Maps through Geographic

Geographic Information Systems technology

Effective planning for the District of Columbia requires the best information available about the city and the capacity to analyze and communicate it efficiently. Our in-house Geographic Information Systems (GIS) and Information Technology (IT) staff members provide mapping, spatial information and analysis, and planning-related GIS services to the Office of Planning (OP), other District agencies, citizens and a variety of organizations. This group plays a leadership role in GIS within DC government and works closely with the Census State Data Center and others conducting GIS activities inside and outside of DC government. It also manages overall information technology (IT) support for OP.


The Office of Planning’s in-house Geographic Information Systems staff members are a key source of high-quality map products for the Office, other agencies, and the public. A variety of ready-made and custom map products are available, together with a variety of on-line tools for interactive mapping and analysis.

Spatial Data

The Office of Planning’s in-house Geographic Information Systems staff develops and maintains a number of key planning-related data sets for the District, working closely with the Office of Planning’s Census State Data Center, the Office of the Chief Technology Officer’s Geographic Information Systems team, and others. These include Census boundaries like Tracts, Block Groups, and Blocks; land use data, neighborhood and neighborhood cluster data; Historic Districts and other historic resource information; and a variety of data sets describing planning-related initiatives.


The Office of Planning’s in-house Geographic Information Systems staff has long been a lead agency for analysis and presentation of spatial information for the District. Theis group provides analyses for every division within the Office of Planning to help guide planning and preservation decisions. It also works closely with a broad range of other DC agencies to make spatial information available and to put it in context, fostering discussion and analysis for a wide variety of purposes.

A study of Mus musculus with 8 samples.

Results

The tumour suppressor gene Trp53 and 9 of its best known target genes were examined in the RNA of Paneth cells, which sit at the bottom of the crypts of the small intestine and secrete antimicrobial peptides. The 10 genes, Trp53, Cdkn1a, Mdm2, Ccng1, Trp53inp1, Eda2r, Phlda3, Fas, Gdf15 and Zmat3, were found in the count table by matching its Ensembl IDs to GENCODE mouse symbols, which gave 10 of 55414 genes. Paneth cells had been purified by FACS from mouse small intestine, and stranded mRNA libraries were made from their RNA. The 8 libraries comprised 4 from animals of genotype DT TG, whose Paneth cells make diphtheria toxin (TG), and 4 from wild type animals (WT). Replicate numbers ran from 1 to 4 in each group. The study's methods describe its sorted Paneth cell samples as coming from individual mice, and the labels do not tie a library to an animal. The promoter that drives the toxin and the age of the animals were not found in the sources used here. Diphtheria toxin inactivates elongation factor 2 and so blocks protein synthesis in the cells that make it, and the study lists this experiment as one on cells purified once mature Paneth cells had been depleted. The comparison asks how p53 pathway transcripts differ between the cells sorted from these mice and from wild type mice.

GIS Technology

OP has long been a leader in the use of Geographic Information Systems technology in DC. For more than twenty years OP has combined leading-edge tools and professional planning expertise to produce high-quality maps and analysis. OP has more active GIS users than any other District agency. All of our planners have GIS tools at their computer workstations, and dozens have received formal GIS training.


by mythbelieving

About this in Egypt:
They have mentioned that Egypt is not the only place that this technology is being used.
There have been articles about using this technology and source that have been published over the last 20 years at least.
For more information on, the source is:

Wetland Workshops for MS & HS Teachers

by DianeG

The U.S. Geological Survey’s National Wetlands Research Center in Lafayette, Louisiana, Chadron State College in Chadron, Nebraska, NASA Ames Research Center, the U.S. Geological Survey’s Western Geographic Science Center in Menlo Park, California, and the Romberg Tiburon Center for Environmental Studies of San Francisco State University are sponsoring a Free WETMAAP Workshop for Middle and High School Teachers.
The WETMAAP workshop will:
• Explore the changes in wetlands and changing habitats of the San Francisco Bay
• Introduce educators to wetland habitats, and functions and values
• Introduce educators and students to wetland mapping, aerial photography, satellite imagery, topographic maps, and GIS technology
• Assist educators with the integration of wetland issues, maps, and images into existing curriculum
• Promote public awareness of wetland change issu…

Solar study: U of M students seek state's sunniest places  — Rick Kupchella's BringMeTheNews
The students are using geographic information systems technology and Lidar data, which is 3D aerial imaging of the Earth's surface, gathered by aircraft with laser-based technology, the students note in a 10-minute video that explains the project (below).